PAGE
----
It was a tale of two late session laps as the competitive racing got underway ahead of the 77th Le Mans 24 Hours, to be contested over the coming weekend.
Following a change to the traditional timetable of the classic endurance race a six-hour free practice session replaced the normal four hours of qualifications on the Wednesday night, leaving all the grid to be decided by a pair of two-hour sessions on Thursday night.
The build up to the session was full of the politics and mind games that we have become accustomed to between the two big names of modern sportscar racing—Peugeot and Audi.
While the two had got the shouting match underway with Peugeot lanunching a protest over the legality of the new Audi R15's bodywork (a protest that was thrown out the morning before qualifying) it was the normal debate as to who was going for pole that soon became the talking point.
Many teams seemed determined to stick to their strict set-up and analysis programmes ahead of the main race, several teams admitting to not have any sets of the soft compound qualifying tyres at all, let alone not wanting to use them.
The opening two hours session, scheduled from 7-9pm local time was delayed for nearly half an hour, owing to the need to carry out barrier repairs after an accident in the preceding session of the Formula Le Mans support race.
However, when the session eventally got underway it the was the diesel Peugeot 908s that immediately had the upper hand with the three factory cars and the lone Henri Pescarolo run car dominating the top of the time sheets.
However, as the clock ticked to zero and the chequered flag was displayed, Peugeot again found themselves out maneuvered by their Audi rivals as perfect timing left the lead No. 1 R15, in the hands of Allan McNish with a rapidly clearing track as most cars pulled into the pits.
Devoid of traffic to negotiate there was literally nothing in the Scott's way to stop him from claiming the provisional pole, and claim it he did, lapping the eight-mile long Circuit de la Sarthe in 3minutes 23seconds, over a second clear of the second placed No. 8 Peugeot.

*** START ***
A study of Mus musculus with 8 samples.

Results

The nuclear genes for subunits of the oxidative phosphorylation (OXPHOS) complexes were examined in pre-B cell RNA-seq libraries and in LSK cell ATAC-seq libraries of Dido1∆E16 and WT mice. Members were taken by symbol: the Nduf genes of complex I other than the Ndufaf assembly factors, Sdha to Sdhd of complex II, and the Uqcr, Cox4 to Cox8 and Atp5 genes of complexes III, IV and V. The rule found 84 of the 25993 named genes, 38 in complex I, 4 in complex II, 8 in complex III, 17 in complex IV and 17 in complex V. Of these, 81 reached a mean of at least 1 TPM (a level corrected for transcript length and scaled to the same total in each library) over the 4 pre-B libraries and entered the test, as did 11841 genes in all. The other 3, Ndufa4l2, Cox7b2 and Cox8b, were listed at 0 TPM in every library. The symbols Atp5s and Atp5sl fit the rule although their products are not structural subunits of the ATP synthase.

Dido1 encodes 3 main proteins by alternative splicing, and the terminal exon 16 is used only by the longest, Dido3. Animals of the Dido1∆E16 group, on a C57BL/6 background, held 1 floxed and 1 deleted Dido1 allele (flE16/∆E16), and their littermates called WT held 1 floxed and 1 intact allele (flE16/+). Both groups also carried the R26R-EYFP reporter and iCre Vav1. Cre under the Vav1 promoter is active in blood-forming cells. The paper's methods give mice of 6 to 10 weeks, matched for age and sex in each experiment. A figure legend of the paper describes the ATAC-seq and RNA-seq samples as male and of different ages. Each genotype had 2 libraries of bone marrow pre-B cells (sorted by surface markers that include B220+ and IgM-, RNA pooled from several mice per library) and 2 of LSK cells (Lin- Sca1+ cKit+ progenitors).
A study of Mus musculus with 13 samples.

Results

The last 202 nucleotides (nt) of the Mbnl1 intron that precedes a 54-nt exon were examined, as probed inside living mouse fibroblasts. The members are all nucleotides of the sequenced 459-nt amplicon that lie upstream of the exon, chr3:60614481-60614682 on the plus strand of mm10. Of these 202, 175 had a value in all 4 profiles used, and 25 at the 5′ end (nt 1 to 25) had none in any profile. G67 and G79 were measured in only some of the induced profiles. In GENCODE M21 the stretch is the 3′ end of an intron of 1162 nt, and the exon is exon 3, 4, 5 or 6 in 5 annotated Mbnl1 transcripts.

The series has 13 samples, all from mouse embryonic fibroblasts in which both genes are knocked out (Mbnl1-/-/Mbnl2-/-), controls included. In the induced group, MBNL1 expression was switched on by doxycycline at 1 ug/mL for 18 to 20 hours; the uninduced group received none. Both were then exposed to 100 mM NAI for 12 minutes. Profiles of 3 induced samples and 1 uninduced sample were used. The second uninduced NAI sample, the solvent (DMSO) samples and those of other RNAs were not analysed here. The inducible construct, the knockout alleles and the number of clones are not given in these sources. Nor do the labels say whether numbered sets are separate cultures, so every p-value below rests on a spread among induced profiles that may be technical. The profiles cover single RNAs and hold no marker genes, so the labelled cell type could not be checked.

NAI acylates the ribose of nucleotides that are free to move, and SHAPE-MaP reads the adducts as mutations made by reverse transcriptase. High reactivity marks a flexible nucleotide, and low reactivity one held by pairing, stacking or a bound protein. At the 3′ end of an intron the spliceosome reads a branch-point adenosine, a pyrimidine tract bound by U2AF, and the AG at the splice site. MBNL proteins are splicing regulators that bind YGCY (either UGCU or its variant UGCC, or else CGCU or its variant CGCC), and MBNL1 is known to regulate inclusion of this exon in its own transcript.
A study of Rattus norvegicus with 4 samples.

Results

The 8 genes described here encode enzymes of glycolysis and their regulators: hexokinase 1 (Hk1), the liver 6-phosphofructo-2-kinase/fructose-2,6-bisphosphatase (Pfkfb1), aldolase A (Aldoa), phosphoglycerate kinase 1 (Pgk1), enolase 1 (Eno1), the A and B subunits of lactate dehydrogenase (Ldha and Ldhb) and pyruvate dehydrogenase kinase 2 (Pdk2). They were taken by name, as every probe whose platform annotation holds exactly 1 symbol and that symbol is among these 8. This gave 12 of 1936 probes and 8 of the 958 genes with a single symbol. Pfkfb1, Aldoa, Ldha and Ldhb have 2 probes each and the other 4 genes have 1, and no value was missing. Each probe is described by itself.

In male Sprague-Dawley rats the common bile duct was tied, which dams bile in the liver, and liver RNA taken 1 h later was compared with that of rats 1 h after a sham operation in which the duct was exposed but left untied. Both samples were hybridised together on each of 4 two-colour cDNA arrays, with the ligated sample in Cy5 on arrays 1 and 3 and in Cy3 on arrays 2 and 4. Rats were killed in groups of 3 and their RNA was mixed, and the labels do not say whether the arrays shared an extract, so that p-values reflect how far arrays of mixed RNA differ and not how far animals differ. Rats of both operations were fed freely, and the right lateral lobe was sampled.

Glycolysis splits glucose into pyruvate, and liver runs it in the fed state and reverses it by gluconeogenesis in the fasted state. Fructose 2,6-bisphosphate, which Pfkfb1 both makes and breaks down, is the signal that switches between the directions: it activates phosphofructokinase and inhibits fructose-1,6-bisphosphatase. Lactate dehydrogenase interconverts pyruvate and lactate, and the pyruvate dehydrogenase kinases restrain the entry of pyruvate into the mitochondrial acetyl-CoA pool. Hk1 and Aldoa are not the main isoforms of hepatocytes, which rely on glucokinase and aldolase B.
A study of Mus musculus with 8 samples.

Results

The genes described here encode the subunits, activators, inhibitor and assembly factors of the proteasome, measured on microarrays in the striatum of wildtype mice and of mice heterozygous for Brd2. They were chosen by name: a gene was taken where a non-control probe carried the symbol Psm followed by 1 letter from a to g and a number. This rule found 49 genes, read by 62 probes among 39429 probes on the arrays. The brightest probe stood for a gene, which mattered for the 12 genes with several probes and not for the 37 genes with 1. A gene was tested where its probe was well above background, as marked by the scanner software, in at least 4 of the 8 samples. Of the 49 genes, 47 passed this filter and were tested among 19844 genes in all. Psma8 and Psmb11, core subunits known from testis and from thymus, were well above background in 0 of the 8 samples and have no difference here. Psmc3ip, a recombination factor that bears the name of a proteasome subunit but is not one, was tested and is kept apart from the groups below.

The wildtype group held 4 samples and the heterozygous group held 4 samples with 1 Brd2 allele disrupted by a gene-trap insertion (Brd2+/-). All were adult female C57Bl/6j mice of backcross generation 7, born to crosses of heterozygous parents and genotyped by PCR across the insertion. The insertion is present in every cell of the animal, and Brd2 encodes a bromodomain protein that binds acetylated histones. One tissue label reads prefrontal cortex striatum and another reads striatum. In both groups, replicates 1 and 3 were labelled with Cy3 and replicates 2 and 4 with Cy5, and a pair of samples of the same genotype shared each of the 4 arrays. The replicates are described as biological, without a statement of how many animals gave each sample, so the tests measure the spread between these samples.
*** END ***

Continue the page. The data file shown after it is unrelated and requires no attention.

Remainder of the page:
After a shortened, thanks to the late start, break hostilities recommenced in the gathering darkness of a French summer night. For most of the session all was quiet, but as the last half an hour of the session drew in the lead cars started to post faster and faster times.
Ex-F1 and sometime rally driver Stephane Sarrazin led the charge in the No. 8 Peugeot he shares with Franck Montagny and Sebastien Bourdais. Twice commentators reported fastest sector times for the 908, making him set to topple McNich for pole.
However, twice his path was blocked, firstly by a privateer Kolles' Audi through the Porsche curves then, on a separate lap, through the Indianapolis corner by Tom Kristensen, driving the very car he was trying to overhaul for top spot.
Just as it looked as if time and tactics had evaded them Peugeot and Sarrazin snatched pole with only ten minutes remaining, lapping nearly eight-tenths under McNish's marker that remained unmoved during the second session, and although other Audi's and Peugeot's tried to better the time it is the No. 8 car, scheduled to be started by Montagny, that will lead the field to the green flag.
Major incidents were few, the only one of note being reports that the No. 007 P1 Aston Martin Lola had parted company with a wheel after contact with a barrier, but only after the car had done enough to be classified as the fastest petrol powered car, some four seconds off of overall pole pace.
In the other classes the two Porsche RS Spyders battled for P2 supremacy, with the Essex car beating the Japanese NAVI Team Goh entry by less than a tenth, while being clear of the next best car in class (the Speedy Racing Lola Judd) by a full four seconds.
In a similarly predictable fashion the works Corvettes, with the No. 63 O'Connell/Magnussen/Garcia car leading its team mate, again by half a second with the Jetalliance Aston being the best of the rest, although nearly two seconds off of the class pole time.
GT1 qualifying again saw hard times for the JLOC Lamborghini Murcielago, which after losing most of Wednesday's practice with a driveshaft problem was again plagued by technical troubles, leaving it to set the slowest overall time at 4minutes 21seconds, and the only car that could fall foul of a rule where a car has to qualify within 125 percent of the overall pole time, falling four seconds beyond the cut off point.
However, it is doubtful the ACO will enforce the rule, so expect the car roll to off on Saturday, albeit at the rear of the field.
The main surprise, in my eyes at least, was the capture of the GT2 pole by the Flying Lizard Motorsport Porsche in the hands of Grand-Am racer Darren Law, pipping the works driver laden Felbermayr-Proton car by three-hundredths of a second ahead of the first Ferrari, the red Risi car of Mika Salo, Jamie Melo, and Pierre Kaffer.
The teams, or the drivers at least, have a day off tomorrow, before an early morning warm-up on Saturday before the race starts at 3pm local time.